If the “Magic Mike Live” show in Las Vegas is re-casting anytime soon, they might want to give a shout to any of the New Kids on the Block guys.
Every two years since 2011, the quintet of Joey McIntyre, Jordan Knight, Jonathan Knight, Donnie Wahlberg and Danny Wood have returned to arenas in various stages of tank tops and toned biceps.
For this summer’s “The Total Package Tour” – a riff on 2013’s “The Package” excursion – they again enlisted smooth crooners Boyz II Men and pulled Paula Abdul out of touring retirement (she hadn’t performed an official tour since 1992) to add to the frothy nostalgia.
And they again mixed a healthy dose of self-deprecation with lots of confetti (two rounds before the first dozen songs), inconsistent vocals and much charm.
At Infinite Energy Arena on Friday night, a sold-out crowd of predominantly NKOTB-period fans donned their new $45 T-shirts and old, faded ones bearing barely visible outlines of the mullet-ed teens of the mid-‘80s.
They waited patiently, phones aloft, while the quintet opened with the perfectly passable, but not exactly scintillating, new song, “One More Night.”
A few tunes later, the familiar “uh-oh-oh-OH-oh” refrain in “You Got It (The Right Stuff)” filled the air and the aerobic workouts began at nearly every seat in the venue.
The guys have retained their individual appeal. Wood possesses the brawniest body, while Wahlberg affects the brawniest persona. Jordan Knight and McIntyre are the cutie pies with the nimblest vocals, and Jonathan Knight is the shy guy who refuses to flex his pecs or suggestively sip a water bottle on the “quick change cam,” unlike his hammy group mates.
What the quintet lacks in vocal stability – Wahlberg’s voice flattened instantly on “Be My Girl,” the group’s first-ever single from 1986, but Jordan Knight showcased a falsetto with nary a scratch during his lead turn on their hit version of The Delfonics’ “Didn’t I (Blow Your Mind This Time)” – they compensate for mightily with their fun performance.
They surprised sections of the crowd by seemingly popping up out of nowhere during “Tonight,” a clever way to eventually arrive at the B-stage at the back of the arena.
Once there, they strolled through “Summertime” and the catchy “Games,” which featured a Wahlberg rap.
Back on the main stage – which included a square ramp for the guys to race around, a pianist took center stage as Wahlberg lapped the stage for “Cover Girl.” The new rendition affected a tougher vibe, but really, it was all just an excuse for Wahlberg to stand in a ring of fire atop the piano to show off his six-pack (and no, he was not doing this seriously).
Their goofiness extended to “I Wanna Be Loved By You,” which included some hilarious photos from the Teen Beat days, and all of their other “girl” songs (“Stop It Girl,” “Please Don’t Go Girl”) retained the innocuous slow-jam theatricality that helped catapult them to stardom in the ‘80s.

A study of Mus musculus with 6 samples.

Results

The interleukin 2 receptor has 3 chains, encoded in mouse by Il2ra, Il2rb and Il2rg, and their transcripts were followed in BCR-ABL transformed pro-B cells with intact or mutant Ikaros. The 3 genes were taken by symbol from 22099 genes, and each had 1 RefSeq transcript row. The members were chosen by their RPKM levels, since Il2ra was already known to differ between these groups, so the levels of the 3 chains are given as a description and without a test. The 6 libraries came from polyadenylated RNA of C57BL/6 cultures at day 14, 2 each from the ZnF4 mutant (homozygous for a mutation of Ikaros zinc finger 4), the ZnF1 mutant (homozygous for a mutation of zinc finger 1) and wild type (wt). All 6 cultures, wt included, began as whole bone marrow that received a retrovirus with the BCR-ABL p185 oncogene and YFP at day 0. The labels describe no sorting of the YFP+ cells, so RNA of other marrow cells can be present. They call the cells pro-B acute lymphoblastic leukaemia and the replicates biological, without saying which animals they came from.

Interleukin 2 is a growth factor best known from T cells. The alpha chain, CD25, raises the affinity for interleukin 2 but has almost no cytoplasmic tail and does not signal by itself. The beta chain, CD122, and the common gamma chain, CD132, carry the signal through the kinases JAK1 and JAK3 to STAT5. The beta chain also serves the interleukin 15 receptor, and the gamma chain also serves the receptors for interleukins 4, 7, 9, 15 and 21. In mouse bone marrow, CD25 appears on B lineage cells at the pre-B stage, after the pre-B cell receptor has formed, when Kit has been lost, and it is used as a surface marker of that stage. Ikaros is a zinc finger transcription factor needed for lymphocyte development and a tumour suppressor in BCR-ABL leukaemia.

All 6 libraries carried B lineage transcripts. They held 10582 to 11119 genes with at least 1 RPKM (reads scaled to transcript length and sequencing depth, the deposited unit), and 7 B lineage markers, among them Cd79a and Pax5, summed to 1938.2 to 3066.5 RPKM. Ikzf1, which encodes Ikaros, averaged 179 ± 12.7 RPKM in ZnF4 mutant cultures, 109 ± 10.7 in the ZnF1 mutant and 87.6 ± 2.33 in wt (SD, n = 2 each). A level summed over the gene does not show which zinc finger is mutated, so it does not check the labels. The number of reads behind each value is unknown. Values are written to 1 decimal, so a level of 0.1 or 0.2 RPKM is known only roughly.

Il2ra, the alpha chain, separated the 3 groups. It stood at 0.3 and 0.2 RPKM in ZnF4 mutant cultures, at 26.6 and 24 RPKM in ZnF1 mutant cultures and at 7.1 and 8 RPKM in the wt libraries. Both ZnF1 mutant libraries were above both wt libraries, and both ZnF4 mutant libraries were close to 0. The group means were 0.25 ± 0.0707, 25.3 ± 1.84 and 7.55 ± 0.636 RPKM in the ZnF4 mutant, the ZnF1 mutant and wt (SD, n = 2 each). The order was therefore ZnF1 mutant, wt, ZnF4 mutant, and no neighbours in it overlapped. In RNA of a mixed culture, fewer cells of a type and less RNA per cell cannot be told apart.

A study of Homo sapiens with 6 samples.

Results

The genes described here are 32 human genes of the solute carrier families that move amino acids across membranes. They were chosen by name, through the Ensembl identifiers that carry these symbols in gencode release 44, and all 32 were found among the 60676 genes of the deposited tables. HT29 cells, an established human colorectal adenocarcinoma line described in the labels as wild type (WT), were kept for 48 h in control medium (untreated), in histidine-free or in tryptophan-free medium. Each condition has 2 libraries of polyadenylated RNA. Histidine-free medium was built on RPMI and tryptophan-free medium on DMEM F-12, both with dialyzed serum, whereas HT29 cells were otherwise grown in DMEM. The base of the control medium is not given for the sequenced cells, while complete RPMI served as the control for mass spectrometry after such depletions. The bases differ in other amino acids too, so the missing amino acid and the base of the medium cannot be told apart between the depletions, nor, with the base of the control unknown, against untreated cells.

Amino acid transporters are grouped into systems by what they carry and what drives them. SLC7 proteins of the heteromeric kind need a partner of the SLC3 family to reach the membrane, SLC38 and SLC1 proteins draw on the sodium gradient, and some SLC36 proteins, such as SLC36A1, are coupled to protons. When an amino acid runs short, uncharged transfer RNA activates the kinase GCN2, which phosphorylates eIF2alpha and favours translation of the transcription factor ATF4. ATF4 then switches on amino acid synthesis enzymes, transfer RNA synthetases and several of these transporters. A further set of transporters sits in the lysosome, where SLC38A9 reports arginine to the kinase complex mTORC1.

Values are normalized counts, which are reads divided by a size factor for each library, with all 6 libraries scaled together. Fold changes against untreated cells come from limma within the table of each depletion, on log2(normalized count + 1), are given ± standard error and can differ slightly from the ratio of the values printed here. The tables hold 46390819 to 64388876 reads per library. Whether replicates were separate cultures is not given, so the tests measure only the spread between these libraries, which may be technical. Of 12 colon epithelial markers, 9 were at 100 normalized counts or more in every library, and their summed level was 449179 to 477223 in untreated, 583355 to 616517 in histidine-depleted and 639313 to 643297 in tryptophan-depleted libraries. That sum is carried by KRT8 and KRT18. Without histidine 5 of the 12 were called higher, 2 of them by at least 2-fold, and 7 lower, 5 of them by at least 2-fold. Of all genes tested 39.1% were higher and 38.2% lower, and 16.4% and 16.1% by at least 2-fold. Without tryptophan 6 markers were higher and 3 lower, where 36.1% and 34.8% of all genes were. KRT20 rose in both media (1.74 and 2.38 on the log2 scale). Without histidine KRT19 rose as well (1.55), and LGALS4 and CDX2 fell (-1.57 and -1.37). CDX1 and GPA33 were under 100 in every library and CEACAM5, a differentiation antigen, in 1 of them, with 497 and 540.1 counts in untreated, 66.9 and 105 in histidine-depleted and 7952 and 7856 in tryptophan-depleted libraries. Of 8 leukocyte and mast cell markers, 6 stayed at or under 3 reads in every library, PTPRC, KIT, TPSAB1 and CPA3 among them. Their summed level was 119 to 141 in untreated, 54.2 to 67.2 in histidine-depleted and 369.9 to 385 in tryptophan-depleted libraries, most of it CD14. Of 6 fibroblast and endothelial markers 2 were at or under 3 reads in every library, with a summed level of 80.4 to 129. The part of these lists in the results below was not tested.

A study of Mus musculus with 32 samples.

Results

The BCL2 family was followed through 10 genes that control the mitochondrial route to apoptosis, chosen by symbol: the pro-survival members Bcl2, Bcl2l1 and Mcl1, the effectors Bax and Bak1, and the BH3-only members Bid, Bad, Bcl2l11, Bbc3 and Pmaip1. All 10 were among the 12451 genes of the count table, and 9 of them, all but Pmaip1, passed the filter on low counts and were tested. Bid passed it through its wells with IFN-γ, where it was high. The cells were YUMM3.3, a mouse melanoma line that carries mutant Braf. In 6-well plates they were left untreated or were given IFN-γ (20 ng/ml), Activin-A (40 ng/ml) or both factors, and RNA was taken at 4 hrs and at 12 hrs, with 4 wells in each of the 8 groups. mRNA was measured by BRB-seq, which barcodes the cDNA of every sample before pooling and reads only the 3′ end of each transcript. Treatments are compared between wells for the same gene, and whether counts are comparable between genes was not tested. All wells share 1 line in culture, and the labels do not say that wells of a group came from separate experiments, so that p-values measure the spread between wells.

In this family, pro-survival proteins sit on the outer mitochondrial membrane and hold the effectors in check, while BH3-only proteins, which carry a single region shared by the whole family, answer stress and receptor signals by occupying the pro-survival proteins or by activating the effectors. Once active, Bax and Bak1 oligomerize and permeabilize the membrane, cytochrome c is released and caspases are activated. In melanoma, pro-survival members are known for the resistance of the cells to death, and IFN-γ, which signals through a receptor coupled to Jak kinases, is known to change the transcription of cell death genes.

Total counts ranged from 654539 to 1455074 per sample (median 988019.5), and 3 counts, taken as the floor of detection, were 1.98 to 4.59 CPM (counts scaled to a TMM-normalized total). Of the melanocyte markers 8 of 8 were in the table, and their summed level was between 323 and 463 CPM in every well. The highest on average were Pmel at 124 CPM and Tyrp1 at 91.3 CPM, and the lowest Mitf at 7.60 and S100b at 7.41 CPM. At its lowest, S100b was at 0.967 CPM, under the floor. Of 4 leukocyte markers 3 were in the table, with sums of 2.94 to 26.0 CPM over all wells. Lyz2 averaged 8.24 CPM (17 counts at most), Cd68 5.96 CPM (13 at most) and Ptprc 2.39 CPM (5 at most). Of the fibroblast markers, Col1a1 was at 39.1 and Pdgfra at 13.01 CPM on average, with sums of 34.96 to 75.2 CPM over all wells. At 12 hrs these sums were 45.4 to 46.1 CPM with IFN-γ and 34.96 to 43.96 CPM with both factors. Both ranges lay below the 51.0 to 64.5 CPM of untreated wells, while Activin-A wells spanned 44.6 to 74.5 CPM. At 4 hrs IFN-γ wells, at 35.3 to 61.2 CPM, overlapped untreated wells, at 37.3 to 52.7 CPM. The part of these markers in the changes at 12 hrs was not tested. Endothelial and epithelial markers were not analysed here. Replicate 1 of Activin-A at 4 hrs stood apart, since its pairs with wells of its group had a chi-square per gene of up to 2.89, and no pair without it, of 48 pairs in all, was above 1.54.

It is almost hard to reconcile that Abdul has been with us since 1988; her “American Idol” resurrection and the ubiquity associated with the show almost makes one forget how long ago she forged a music career.
Abdul has always been regarded more as an entertainer – a top-notch dancer with a flair for fashion and catchy pop songs – than a singer, and that hasn’t changed.
Her 30-minute set spotlighted her six biggest hits – “The Way That You Love Me,” “Opposites Attract” and “Cold Hearted” among them – as she changed costumes from one leg-baring sequined number to another.
Abdul remains a masterful dancer, and she was gamely tossed around by her impressive troupe (can you imagine what it must be like to audition as a dancer for Paula Abdul?).
She donned a flowing, white gown and demonstrated her graceful dance moves on “Rush Rush,” sparred with MC Skat Kat on the video screen during the frisky “Opposites Attract” and reminded us of the pop perfection that is “Forever Your Girl.”
Abdul also stretched her set by turning on her cheerleader perkiness to share messages about loving yourself and never giving up.
“Don’t let anybody tell you ‘you can’t.’ I always say, life’s too short, and so am I!”
Boyz II Men kicked off their opening set with their jauntiest groove, the infectious “Motownphilly.”
The trio of Nathan Morris, Shawn Stockman and Wanya Morris captivated the audience with their note-perfect renditions of “On Bended Knee” and “It’s So Hard to Say Goodbye to Yesterday” as they engaged with fans thrusting camera phones toward them.
The trio’s harmonizing was flawless, and the purity of their vocals was evident throughout, even as they closed out their performance with the 1992 weeper, “End of the Road.”